There's a Better Way to Shovel Snow
We'll teach you how to avoid becoming just another statistic this winter
Shoveling snow might not be effortless, but it can be painless. Each year, there are more than 11,000 injuries related to snow shoveling. This season, spare your body injury and save some time with these tips from our snow experts.
Tip 1: Stretch, Stretch, Stretch
Just like preparing for any other physical activity or sport, stretching will warm up your muscles and prevent strains and cramps. An important part of our crews’ morning huddle is stretching; make it an important part of your routine, too, by allowing five to 10 minutes to properly warm up before you begin. Hamstring and quad stretches, arm circles, and torso twists are a good start.
Tip 2: Dress Properly
Even when you don’t plan on being outside for very long, it’s always a good idea to dress for the occasion. Layer breathable clothing that you can easily shed as you warm up. Athletic wear designed to wick sweat is an excellent option. Most importantly, wear proper footwear that will give you good traction to avoid slipping.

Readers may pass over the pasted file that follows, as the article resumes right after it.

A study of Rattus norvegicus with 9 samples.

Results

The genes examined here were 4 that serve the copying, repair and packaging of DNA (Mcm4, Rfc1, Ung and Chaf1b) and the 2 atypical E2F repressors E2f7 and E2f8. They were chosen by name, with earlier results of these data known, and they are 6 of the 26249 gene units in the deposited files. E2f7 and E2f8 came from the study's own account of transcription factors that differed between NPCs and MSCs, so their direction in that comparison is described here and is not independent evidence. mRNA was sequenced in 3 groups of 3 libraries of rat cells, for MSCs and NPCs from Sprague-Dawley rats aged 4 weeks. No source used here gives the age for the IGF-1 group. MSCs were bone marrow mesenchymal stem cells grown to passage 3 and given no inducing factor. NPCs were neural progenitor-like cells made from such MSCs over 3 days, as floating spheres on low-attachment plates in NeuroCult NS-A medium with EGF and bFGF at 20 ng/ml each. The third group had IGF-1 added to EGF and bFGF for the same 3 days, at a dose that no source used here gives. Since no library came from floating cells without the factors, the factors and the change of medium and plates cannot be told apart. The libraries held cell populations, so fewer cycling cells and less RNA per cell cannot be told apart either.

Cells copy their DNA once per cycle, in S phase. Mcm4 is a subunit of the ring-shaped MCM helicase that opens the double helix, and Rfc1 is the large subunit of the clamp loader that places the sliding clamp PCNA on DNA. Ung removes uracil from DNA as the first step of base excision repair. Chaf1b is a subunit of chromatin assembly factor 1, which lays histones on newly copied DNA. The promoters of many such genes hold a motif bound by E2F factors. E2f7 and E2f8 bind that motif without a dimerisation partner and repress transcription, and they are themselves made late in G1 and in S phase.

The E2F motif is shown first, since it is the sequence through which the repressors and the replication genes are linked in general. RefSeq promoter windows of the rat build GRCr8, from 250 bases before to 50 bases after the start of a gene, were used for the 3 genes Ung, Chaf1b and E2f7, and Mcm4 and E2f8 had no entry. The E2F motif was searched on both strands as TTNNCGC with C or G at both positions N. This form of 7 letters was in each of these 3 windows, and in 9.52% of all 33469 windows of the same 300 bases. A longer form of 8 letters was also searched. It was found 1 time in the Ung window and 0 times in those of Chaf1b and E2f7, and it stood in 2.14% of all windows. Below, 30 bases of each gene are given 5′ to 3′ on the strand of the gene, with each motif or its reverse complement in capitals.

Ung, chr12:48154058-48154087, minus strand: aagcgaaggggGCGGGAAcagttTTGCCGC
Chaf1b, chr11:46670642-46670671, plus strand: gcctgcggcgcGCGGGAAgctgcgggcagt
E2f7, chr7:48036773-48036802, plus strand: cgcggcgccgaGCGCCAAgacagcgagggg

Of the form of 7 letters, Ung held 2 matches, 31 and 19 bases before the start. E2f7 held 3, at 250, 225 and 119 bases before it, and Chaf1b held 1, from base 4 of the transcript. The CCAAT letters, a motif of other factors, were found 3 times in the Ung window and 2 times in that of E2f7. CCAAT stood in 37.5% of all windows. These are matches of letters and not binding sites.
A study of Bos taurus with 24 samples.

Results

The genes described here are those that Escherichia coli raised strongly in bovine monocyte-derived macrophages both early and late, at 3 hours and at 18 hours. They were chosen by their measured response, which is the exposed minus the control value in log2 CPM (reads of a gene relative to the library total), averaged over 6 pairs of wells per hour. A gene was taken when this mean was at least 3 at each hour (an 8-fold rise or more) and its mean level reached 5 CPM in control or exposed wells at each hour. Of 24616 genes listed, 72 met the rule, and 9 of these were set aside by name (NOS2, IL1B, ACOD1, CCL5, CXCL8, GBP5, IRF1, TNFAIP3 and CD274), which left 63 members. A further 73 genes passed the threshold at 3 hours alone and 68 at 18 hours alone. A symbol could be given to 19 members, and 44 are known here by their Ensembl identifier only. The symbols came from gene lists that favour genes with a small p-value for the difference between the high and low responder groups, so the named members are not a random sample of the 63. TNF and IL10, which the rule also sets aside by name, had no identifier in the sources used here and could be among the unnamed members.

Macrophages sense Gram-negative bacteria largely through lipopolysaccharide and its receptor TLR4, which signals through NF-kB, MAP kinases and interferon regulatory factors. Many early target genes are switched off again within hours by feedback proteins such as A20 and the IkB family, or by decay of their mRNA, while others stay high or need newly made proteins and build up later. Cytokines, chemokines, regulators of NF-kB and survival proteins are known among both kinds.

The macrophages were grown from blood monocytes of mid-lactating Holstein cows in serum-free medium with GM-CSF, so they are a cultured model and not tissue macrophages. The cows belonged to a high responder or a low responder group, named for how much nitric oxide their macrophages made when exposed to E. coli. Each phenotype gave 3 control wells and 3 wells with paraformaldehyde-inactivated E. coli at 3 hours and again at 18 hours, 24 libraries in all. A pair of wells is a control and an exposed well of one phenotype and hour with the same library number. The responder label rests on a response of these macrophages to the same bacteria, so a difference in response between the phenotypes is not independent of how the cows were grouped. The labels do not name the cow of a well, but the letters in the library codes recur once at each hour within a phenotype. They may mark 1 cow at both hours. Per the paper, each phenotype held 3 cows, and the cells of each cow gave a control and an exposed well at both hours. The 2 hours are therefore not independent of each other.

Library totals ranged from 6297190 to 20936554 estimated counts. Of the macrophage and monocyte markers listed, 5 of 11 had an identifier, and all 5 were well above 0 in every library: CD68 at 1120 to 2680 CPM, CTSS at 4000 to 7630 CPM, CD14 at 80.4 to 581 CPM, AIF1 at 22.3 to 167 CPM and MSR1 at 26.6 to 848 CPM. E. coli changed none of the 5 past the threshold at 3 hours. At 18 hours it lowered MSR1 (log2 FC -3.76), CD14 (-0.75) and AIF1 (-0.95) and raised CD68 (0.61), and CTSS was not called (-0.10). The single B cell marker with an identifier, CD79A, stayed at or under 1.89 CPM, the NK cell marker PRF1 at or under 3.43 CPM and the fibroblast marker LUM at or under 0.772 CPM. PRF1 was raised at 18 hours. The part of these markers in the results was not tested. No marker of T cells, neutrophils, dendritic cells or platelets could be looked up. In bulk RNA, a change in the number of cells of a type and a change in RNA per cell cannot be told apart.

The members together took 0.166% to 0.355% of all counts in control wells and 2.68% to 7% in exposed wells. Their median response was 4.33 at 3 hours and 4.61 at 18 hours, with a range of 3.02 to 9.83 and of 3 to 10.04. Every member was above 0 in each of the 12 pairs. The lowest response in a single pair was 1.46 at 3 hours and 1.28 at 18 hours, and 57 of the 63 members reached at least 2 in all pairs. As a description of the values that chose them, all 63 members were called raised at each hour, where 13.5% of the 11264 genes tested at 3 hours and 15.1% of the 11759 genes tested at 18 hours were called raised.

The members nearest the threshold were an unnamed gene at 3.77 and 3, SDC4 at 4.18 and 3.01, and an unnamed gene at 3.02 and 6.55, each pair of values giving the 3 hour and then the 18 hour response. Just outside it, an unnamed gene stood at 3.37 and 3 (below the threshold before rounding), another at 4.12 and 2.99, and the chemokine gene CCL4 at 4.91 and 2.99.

Tip 3: Push, Don’t Lift
Work smarter, not harder. Once you’re tired, you’re more likely to lift with your lower back, increasingly the likelihood of injury. If possible, push the snow to the side instead of lifting it. Doing so will save your back and your energy.
Tip 4: Steady Wins the Race
It may seem like a pain to go outside multiple times during a storm, but if you keep up with the falling snow, your body will be exposed to less stress overall. Hit the pavement in stages and not all at once.
Tip 5: Drink Water
Don’t let the cold weather fool you — it’s still possible to get dehydrated. In addition to the fluid lost through sweat (and the occasional runny nose), winter’s dry air will do you no favors. Sip plenty of water before, during, and after shoveling to prevent muscle cramps and fatigue.
When it comes to your business, leave the shoveling to the pros. Don’t let a storm put your business on ice or expose you to unnecessary risk. A good snow removal plan developed in advance of the first snowfall and executed by a team of seasoned professionals will have you covered.